The 2018 retail landscape is unlike anything the spa industry has seen before. At Skin Inc.’s Face & Body Northern California spa expo and conference in San Jose, California, Annet King, vice president of global education at Elemis, gave attendees tips on surviving the ever-changing retail landscape during the session “Your Retail Survival Guide.”
During the session, King stressed that, above all else, having honest conversations with your clients is key to retail success. She urged those in her session to ask their clients, “I take care of you every month, are you happy with the treatments and the results?” Based on the client’s response, their skin may need to be reanalyzed and new products may need to be sent home after the appointment, King said.
The Biggest Retail Trends for 2018
- When it comes to retail, customers either see it as a chore or as a task they cherish. King explained, “[Spa professionals] can reign in cherish. Clients need to know how much we care about them and how much they and their skin matter to us.” She suggested carefully curating appointments so that clients may receive bespoke treatments and service every time they step foot in the door.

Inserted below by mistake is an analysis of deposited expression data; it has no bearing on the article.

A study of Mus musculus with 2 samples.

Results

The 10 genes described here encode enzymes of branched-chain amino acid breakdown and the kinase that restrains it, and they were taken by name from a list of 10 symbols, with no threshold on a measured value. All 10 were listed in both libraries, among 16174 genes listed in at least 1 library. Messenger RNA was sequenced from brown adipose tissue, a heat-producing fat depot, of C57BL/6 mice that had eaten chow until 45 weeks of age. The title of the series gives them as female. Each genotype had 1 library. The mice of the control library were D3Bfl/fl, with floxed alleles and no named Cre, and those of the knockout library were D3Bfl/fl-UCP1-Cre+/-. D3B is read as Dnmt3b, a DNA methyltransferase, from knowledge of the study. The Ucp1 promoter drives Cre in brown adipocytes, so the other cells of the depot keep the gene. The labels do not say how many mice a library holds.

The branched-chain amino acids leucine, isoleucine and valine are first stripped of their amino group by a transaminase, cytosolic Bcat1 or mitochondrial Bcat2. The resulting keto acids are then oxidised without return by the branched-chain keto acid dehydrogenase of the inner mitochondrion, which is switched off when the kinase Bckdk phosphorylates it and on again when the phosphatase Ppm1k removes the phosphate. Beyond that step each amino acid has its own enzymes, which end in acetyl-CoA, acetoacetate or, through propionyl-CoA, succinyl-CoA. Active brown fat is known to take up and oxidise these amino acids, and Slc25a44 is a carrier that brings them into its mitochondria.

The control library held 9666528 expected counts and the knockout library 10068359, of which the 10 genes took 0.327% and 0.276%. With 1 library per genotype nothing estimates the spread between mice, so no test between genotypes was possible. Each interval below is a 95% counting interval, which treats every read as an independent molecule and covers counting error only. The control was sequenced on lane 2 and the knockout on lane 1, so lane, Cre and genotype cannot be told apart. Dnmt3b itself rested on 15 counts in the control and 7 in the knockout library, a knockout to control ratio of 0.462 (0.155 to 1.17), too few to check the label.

- Technology has been the most powerful catalyst when it comes to change in the retail sector. King specifically focused on the aspect of mobile retailing. She emphasized the importance of making websites mobile friendly and having a social media presence.
- Social media is more than just posting selfies on Instagram or participating in #ThrowBackThursday. In fact, King stated the social selling was one of the fastest growing ways to reach clients. She suggested that businesses could use Facebook Live or Instagram Stories to answer skin care related questions, give spa tours or review staff-favorite or top-selling products.
- Experiential retail is becoming essential to get clients through the door. The internet has made it easy for clients to shop, order and pick up products without speaking to another person. In order to shift consumers away from their virtual shopping cart, the retail experience must have some sort of aspect that shoppers can only receive in person. King urged the audience to focus on touch, care and the human element.